GORE IN THE STORE
Published 15th June 2020 from Titan Books.
With the threat of climate change wreaking havoc across the globe, grabbing the headlines and inspiring protests, EDEN, Tim Lebbon's eco-horror could not arrive on shelves in a more timely manner. Set at an unspecified point in the future, Lebbon presents a world where environmental damage is finally being combatted with Virgin Zones. Vast swathes of land set aside cut off from humanity in an attempt to let nature run its course and act as "the lungs of the world." Of course, as with the majority of forbidden objects, man's temptation to explore and exploit raises itself in the form of a group of adventurers who soon find themselves at odds with a lethal habitat which does not take kindly to strangers.
As well as taking inspiration from current events, Lebbon's novel also shares similarities and themes with Jeff VanderMeer's Southern Reach trilogy, as well as the first volumes film adaptation of ANNIHILATION. Nature running amok and playing havoc physically and mentally with humanity are familiar tropes from that series, and Lebbon seems to take inspiration from both sources. The group of adventurers who populate the novel each have their reasons for venturing into this paradise. Most notably and taking centre stage is Jenn who, unbeknownst to her fellow travellers, including her father, has reason to believe her estranged mother, Kat, is located somewhere inside the vast alien wilderness.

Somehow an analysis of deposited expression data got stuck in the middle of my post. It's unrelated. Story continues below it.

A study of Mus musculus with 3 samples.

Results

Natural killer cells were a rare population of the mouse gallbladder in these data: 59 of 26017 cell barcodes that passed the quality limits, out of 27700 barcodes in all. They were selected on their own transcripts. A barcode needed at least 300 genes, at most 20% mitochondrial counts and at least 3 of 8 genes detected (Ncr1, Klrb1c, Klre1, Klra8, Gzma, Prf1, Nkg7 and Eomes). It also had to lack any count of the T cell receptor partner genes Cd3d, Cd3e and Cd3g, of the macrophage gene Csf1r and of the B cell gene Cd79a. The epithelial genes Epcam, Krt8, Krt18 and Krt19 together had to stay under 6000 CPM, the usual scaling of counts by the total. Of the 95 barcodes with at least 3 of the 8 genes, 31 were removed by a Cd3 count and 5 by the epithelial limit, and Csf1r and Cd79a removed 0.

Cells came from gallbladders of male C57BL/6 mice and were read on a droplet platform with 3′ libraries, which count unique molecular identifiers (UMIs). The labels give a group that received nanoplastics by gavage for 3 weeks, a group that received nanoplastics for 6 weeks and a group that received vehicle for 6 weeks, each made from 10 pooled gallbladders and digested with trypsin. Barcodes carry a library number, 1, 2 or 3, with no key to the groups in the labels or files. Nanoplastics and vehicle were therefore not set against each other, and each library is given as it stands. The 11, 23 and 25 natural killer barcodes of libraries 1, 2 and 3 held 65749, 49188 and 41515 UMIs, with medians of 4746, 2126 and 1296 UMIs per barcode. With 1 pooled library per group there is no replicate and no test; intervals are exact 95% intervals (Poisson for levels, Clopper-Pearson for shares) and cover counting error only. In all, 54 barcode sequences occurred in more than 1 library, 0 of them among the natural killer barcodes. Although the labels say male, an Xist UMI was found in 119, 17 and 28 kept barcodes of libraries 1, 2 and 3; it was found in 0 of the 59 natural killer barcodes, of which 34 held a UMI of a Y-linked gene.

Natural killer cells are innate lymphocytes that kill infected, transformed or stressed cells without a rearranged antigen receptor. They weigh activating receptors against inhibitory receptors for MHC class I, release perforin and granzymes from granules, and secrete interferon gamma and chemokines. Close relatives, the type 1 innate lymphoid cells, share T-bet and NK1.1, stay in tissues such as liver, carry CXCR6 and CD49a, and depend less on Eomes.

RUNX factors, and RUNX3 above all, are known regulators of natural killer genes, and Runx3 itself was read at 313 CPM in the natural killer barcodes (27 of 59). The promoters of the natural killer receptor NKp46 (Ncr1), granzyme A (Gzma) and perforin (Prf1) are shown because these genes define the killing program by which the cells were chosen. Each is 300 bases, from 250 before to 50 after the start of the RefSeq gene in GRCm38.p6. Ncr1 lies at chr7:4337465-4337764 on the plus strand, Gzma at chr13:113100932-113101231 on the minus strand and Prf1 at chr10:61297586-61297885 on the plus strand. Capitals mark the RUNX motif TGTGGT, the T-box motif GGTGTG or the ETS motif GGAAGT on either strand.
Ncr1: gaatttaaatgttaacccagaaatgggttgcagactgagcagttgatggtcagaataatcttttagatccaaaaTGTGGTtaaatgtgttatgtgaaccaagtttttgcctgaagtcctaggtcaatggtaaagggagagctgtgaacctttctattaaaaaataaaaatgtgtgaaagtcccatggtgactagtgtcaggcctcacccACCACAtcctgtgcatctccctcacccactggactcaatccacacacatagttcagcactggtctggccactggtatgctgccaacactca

Lebbon introduces each chapter with details of how the Zones came into being and the problems with maintaining their boundaries. It is a fascinating device; a future history that hints at the real state of the world and the state that it is in now. It's one of the books most successful aspects showing Lebbon's skill in world-building with short and concise passages. It is a shame then that the story is set exclusively in an atmosphere that is all too familiar and one that Lebbon mostly fails to add anything new.
There are no real dramatic stakes or conflict here. A fact that is further bolstered by its slow pace. It's not until halfway through the book that the first real dramatic incident occurs. At times it is the novelistic equivalent of a slasher film, and you read on to see what horrible ending lies in store for the characters. It also reminds the reader of Scott Smith's The Ruins, another novel and film adaptation that details the woes of travellers running afoul of nature, but in a far bloodier claustrophobic environment.
Even though its ecological aspects are barely visible, only remarked upon in passing and despite its shortcomings, EDEN is an easy and fleetingly grisly read.